As promised, here’s my take on James Garner’s memoir, “The Garner Files,” co-written with the marvelous Jon Winokur.
Surprises: Garner married his wife Lois in 1956 after knowing her only two weeks; he’s a regular pot smoker; money obsessed; and despite what pal Julie Andrews wants you to think, a world-class curmudgeon.
The book is divided into important chapters of Garner’s life from his dreadful childhood to Korea (he was awarded two Purple Hearts), to TV successes with Maverick and The Rockford Files, his film career (lots about “The Great Escape”) and two passions–golf and car racing.
Parts of the memoir seemed disingenuous to me—as if Garner was trying too hard to be modest and not reveal too much. Not one word about his Oscar nomination, in 1985 for “Murphy’s Romance,” nary a word about co-star Sally Field (she said he was the best kisser of all her leading men), only tidbits about the delightful romantic comedies he did with Doris Day—in fact he seemed embarrassed by them. Stuart Margolin (Angel in “The Rockford Files”) is conspicuously absent from the praise-fest at the end of the book. I felt that Joe Santos (who played Dennis Becker on “The Rockford Files”) was the most sincere of all when he wrote, “Garner says he’s easygoing, but he’s lying.”
His comments on Jack Warner, Steve McQueen, Marlon Brando, and Charles Bronson were illuminating. According to Garner Bronson was a “bitter, belligerent SOB.” I remember seeing Bryant Gumbel of NBC’s “The Today Show,” interview, or attempt to interview, Bronson years ago. Bronson glared at him like an Easter Island figure and refused to answer any questions. It was the one and only time I felt sorry for the humble Mr. Gumbel.
Altogether a satisfying read, though.
In the fiction category: “A Florentine Death” by Michele Giuttari is a dark disturbing crime novel set in Florence, Italy. I found Giuttari’s writing style and the translation sorely lacking. This book pales by comparison to the outstanding series about Italian police inspectors by Andrea Camillieri (Inspector Montalbano) and Donna Leon (Commissario Guido Brunetti). And how I miss the marvelous Michael Dibdin (Aurelio Zen series), may he R.I.P.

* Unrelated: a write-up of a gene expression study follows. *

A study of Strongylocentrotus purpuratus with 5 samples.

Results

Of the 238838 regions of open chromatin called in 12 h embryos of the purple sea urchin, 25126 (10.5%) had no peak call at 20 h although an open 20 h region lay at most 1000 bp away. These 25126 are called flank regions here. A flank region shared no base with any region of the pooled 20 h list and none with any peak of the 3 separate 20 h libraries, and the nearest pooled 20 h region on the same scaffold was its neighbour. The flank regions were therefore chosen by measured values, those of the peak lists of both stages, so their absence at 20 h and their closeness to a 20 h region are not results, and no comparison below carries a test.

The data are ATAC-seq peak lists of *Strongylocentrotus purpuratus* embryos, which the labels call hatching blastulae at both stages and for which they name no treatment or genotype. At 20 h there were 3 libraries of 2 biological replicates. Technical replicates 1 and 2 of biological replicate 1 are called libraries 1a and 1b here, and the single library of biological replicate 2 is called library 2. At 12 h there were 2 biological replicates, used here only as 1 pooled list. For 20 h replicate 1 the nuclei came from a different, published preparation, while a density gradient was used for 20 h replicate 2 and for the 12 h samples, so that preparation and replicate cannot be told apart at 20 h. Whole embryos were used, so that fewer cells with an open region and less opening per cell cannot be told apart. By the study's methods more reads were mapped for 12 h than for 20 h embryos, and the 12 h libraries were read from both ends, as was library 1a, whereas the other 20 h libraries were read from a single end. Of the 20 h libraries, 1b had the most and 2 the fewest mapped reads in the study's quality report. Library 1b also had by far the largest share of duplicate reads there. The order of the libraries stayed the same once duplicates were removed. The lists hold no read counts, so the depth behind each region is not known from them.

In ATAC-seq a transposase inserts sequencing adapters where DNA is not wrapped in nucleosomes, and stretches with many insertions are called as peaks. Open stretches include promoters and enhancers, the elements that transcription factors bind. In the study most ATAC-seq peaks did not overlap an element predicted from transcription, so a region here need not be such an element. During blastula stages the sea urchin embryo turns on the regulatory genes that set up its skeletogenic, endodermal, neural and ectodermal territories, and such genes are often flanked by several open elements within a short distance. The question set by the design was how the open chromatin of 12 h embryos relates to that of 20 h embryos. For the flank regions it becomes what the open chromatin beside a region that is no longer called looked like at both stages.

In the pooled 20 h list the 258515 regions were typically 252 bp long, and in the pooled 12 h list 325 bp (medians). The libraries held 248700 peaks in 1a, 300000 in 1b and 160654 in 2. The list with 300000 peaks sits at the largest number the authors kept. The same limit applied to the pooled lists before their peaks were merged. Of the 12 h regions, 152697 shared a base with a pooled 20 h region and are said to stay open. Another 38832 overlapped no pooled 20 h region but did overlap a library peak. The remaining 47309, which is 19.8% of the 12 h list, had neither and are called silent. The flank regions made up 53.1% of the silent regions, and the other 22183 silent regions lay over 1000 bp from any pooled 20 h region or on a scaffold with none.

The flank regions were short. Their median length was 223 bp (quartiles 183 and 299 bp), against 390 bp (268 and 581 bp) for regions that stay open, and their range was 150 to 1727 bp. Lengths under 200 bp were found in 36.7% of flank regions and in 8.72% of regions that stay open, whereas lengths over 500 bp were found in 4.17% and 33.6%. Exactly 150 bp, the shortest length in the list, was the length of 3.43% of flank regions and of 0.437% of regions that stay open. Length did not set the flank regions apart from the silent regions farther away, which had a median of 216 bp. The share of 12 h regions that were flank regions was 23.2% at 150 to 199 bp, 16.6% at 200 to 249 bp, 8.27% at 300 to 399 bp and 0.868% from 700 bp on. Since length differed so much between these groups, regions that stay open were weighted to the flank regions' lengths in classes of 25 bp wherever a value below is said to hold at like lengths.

Whoopi Goldberg’s “Is It Just Me? Or is it nuts out there?” not only has a repulsive cover, ironic because the book is her take on the “decline of our country’s civility,” it’s not very funny, and is rife with redundancies and outdated references. Tiger Woods was off the front page by the time this book hit the stores yet Whoopi obsesses about the man. Much of the book comes across as an angry lecture by a woman who’s out of touch with reality. She joins a long line of celebrities who get published based solely on the marketability of their names, not on the merits of their writing or insight. I was disappointed.
On the flip side, we have Nora Ephron’s witty “I Remember Nothing: and other reflections,” a follow up to her bestseller “I Feel Bad About My Neck: and other thoughts on being a woman.” Both books address issues of menopause, and are packed with amusing anecdotes about her family, celebrities, famous writers, drunks, and Hollywood types. I especially enjoyed reading about the early years of Ephron’s journalism career.
Like Whoopi, Ephron lives the privileged life of a woman of immense wealth and fame. The trick to enjoying her books is to cast aside all jealous thoughts. So what if she’s having a $300 dinner at Babbo and you’re eating a Lean Cuisine? C’est la vie, baby.
Just started “Fiction Ruined My Family,” by Jeanne Darst and am loving it. Details to follow.